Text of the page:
Jarrett Maupin, Congressional Candidate, Takes Partial Credit for Shanesha Taylor's Plea Deal

Jarrett Maupin, an Arizona Congressional candidate, reverend and community advocate, is taking some of the credit for Shanesha Taylor's money-for-freedom deal with prosecutors.

A controversial figure, Maupin -- president of the Phoenix-based Progressive Christian Coalition -- nevertheless was seen to be working closely in the highly publicized criminal case of the underemployed mom who left her kids in a car while at a job interview. While admitting Taylor made a mistake, Maupin says he's pleased at how well things turned out.

See also: -Shanesha Taylor's Crybaby Interview With New York Times Reveals Bad Decision-Making

Maupin's hoping to win a seat in Arizona's Congressional District 7.

He says he introduced Benjamin Taylor to Montgomery at Governor Jan Brewer's annual prayer breakfast on April 10, and claims he urged Montgomery to meet with them about the Shanesha Taylor case.

At that subsequent meeting, Maupin says he proposed that the prosecution agency use the tens of thousands pouring into a fundraiser page for Taylor as leverage in her child-abuse case, he says.

"I said, 'Bill, look, she's got the money -- why don't we put it aside," Maupin says, adding that he talked prosecutors down from 56 weeks of parenting classes to 26 weeks.

News media outlets reported on April 16 that Montgomery wasn't swayed by the names of 12,000 online supporters of Shanesha Taylor dropped off at his office by Maupin and Benjamin Taylor. Yet it's clear Montgomery's office faced a publicity challenge over the case, which had become fodder for various blogs and news sites across the country not in small part due to Taylor's compelling, tearful mugshot. The New York Times ran a high-profile article on Taylor on June 21 that included graphic-novel-type art to represent her troubles.

Last week, Montgomery announced a deal in which Taylor would not be prosecuted in return for putting $30,000 into trust funds for the education of her three children, and establishing another fund for childcare.

Montgomery acknowledge the deal was "unique" and takes "all the circumstances presented" into account.

Shanesha Taylor raised $114,000, according to her YouCaring site. Prosecutors knew that, and obviously never would have asked the impoverished Air Force veteran to cough up $30,000-plus if it wasn't for all that dough.

If Taylor fails to live up to the deal, Montgomery warns, she could be on the hook for criminal charges.

Although Montgomery claims his office "will not engage in poll-taking or assess what community outcry or support a particular defendant might have, Maupin says that's exactly what Montgomery did.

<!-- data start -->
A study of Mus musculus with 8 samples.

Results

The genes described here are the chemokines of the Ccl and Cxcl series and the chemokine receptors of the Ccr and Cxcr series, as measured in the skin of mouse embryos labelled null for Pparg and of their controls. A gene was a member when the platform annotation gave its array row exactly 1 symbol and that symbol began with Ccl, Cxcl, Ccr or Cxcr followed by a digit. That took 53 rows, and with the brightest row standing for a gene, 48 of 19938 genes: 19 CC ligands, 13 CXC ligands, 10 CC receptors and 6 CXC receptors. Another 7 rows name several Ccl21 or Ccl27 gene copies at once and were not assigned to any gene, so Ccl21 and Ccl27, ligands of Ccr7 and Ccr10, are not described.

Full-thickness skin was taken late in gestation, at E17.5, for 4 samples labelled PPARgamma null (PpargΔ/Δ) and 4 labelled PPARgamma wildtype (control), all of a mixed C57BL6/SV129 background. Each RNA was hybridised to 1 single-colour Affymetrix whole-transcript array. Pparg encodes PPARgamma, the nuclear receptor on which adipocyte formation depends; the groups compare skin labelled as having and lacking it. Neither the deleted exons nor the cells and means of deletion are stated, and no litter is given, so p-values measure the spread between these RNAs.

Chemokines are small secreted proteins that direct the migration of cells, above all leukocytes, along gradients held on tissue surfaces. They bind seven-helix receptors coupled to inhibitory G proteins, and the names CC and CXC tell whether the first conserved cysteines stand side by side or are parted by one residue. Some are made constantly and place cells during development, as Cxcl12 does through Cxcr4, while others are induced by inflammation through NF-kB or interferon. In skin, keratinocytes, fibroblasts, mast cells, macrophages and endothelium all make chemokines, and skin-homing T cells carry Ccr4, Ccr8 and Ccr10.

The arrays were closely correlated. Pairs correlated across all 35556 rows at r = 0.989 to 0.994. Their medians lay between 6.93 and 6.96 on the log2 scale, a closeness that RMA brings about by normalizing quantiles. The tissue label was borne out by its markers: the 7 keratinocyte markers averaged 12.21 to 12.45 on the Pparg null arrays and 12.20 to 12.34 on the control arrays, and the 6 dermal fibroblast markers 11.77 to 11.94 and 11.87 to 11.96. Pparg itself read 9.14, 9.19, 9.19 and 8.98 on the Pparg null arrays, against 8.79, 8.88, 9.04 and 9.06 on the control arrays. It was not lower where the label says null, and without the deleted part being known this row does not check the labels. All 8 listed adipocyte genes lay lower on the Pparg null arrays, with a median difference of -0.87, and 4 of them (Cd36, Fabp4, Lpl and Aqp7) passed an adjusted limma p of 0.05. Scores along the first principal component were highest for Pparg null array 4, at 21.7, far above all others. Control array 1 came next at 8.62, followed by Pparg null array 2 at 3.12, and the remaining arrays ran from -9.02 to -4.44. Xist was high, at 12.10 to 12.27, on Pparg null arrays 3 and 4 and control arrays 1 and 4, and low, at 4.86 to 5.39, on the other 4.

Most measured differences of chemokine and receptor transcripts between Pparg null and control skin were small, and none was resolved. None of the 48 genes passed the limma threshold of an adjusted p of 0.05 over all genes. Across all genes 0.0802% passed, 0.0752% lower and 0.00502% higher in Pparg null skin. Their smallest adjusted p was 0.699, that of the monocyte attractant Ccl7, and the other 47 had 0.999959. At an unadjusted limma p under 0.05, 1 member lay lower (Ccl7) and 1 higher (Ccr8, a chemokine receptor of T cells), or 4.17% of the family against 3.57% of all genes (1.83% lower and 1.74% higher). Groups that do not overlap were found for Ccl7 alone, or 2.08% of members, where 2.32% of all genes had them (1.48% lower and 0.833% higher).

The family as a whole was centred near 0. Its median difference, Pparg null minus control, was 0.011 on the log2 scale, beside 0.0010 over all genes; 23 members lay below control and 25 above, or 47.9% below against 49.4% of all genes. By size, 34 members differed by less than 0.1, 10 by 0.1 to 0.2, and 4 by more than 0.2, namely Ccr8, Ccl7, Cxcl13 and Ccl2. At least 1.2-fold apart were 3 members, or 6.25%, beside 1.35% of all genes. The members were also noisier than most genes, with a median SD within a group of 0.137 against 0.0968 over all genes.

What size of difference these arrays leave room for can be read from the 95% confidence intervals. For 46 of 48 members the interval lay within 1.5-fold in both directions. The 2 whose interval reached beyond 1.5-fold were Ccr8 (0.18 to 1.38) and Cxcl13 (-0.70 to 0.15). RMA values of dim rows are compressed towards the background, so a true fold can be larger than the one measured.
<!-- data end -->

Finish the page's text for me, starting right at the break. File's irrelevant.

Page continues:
With lawyer Benjamin Taylor, "we got her off and we got Bill Montgomery to roll over," Maupin says, calling the move Montgomery's "social-justice moment."

Jerry Cobb, Montgomery's spokesman, says he cannot confirm Maupin's story of who came up with the idea for the deal.

Shanesha Taylor did not respond to a request for comment. According to the NY Times article, she now lives with the father of her three children, Antoine Duncan.

The only question now is when she'll be able to live with her kids full-time again. News reports say they've been placed with "family."

Her lawyer, Benjamin Taylor, would only comment on-the-record that Shanesha Taylor's children were under state supervision, they're being treated well, and that they are scheduled to attend a hearing with the state Department of Child Safety at the end of August.

"We believe it's fair," Benjamin Taylor says of the plea deal.

So does Maupin, though he doesn't want the public to get the impression that Taylor would not have spent the money on her children without the deal. After spending time with her, Maupin's convinced that "she'll do all right."

"This was an exercise in overzealous prosecution," he says, and the resolution was "a common sense call."

Shanesha Taylor may have screwed up, Maupin says, but he points out that her kids, who spent 45 minutes in a heated Dodge Durango as their mom attended her job interview, weren't harmed by the experience.

"Did she need to go to jail and be a felon? No," he says.

UPDATE: Shanesha Taylor got back to us today with a one-sentence email we'll share with you: "Yes I have weekend at home visits with my children."

UPDATE 2: Bill Montgomery talks about Maupin's level of involvement on Twitter.